UNTIL the mid-'70s, the United States armed services academies were all-male clubs. The exclusionary policy spawned attitudes toward women - or, more precisely, women's ``place'' - similar to those fostered at other bastions of male separatism. If anything, such attitudes were compounded by the machismo that is an accepted, even encouraged, element of martial skills. Then Congress opened the doors of the academies to women. Some of the academies have adjusted better than others. At West Point, the Army Academy, the corps of cadets last year was commanded by a woman cadet. The Naval Academy at Annapolis, Md., however, has had a tougher time accepting women.
So conclude several reports issued last week by panels investigating sexual harassment at the Naval Academy. The probes were initiated last spring after a woman midshipman resigned, citing harassment by male students.
The two leading reports - one by an internal committee, the other by civilian members of the academy's Board of Visitors - found widespread sentiment among midshipmen, faculty, and staff that women don't belong at Annapolis. The panels confirmed the allegations of Gwen Dreyer, the woman who resigned, that she had been handcuffed to a urinal and jeered at by some of her male peers. The groups further documented a wider and disturbing pattern of harassment against the women midshipmen.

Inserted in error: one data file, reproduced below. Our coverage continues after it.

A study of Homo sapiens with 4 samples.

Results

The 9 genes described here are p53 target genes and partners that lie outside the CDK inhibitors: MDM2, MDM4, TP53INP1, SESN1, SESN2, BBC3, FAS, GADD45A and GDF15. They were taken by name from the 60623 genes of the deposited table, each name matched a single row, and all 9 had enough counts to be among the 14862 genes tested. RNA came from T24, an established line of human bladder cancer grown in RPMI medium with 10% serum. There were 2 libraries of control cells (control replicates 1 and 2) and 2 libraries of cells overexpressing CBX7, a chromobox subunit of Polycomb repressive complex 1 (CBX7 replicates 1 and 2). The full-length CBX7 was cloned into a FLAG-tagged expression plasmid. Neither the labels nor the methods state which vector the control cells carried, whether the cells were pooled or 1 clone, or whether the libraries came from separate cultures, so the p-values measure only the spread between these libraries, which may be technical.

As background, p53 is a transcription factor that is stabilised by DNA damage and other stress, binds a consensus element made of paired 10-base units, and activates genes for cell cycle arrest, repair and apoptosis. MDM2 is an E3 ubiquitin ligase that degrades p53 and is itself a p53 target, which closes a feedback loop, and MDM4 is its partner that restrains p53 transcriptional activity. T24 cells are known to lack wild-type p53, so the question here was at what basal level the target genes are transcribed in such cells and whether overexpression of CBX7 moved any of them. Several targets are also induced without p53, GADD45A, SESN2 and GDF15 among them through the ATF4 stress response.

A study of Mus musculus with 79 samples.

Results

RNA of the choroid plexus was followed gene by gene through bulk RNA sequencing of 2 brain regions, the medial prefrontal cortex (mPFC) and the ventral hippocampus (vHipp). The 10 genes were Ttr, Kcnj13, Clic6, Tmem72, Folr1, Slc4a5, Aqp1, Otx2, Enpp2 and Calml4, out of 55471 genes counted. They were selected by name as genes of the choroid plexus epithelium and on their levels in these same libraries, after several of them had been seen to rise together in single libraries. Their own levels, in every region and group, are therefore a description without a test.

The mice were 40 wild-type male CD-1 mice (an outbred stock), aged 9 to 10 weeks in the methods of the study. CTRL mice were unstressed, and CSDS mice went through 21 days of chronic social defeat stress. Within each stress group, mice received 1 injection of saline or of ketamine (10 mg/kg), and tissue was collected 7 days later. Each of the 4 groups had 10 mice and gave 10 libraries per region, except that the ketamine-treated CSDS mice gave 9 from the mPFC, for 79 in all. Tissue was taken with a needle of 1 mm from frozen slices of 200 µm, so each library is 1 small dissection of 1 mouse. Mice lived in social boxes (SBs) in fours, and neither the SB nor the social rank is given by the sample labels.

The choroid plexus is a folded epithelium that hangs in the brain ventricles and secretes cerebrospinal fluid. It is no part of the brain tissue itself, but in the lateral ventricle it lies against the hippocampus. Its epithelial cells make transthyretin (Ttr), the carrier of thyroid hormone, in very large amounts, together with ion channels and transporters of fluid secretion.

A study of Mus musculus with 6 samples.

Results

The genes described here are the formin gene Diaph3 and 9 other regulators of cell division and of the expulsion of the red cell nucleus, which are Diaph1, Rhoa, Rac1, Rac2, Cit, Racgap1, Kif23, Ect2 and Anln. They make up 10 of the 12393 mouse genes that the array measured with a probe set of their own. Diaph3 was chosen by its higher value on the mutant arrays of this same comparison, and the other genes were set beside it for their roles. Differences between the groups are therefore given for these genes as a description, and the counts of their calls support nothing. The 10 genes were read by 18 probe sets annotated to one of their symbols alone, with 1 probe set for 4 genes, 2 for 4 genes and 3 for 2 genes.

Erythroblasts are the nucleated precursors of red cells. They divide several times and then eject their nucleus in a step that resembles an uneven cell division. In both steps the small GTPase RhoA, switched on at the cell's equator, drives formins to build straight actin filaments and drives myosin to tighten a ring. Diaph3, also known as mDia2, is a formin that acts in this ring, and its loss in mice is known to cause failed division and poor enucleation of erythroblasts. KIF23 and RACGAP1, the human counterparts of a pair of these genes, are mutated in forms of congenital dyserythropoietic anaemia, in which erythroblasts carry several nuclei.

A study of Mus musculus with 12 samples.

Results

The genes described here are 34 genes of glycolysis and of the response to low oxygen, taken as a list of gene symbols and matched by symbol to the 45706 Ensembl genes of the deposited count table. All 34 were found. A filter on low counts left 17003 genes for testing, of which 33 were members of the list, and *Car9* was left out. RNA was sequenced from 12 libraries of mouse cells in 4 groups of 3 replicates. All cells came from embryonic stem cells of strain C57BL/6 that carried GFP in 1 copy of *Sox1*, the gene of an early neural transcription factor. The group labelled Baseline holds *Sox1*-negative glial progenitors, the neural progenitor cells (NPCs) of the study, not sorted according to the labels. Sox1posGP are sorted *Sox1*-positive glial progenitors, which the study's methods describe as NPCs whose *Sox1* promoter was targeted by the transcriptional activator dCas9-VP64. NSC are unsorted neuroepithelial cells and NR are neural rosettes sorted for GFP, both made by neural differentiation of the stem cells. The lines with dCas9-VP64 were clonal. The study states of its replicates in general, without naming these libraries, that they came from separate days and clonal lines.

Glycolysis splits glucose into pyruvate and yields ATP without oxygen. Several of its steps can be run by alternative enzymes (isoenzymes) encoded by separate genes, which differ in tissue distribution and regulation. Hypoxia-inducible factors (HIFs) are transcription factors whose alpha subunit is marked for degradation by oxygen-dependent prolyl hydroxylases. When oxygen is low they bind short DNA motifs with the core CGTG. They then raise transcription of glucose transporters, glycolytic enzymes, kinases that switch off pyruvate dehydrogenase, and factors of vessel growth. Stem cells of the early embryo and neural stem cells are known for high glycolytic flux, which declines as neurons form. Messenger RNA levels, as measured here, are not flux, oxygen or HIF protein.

In 1990 - when women soldiers, sailors, and airmen are capably performing tasks in Saudi Arabia that could involve them in a shooting war - such attitudes and practices are dismayingly atavistic. Fortunately, according to Sen. Barbara Mikulski, the fleet is ahead of the academy in integrating women into operations.
The commanding officers at the Naval Academy should promptly implement the panels' recommendations to improve the environment for women. And the Navy's highest brass and its civilian overseers should closely monitor the progress.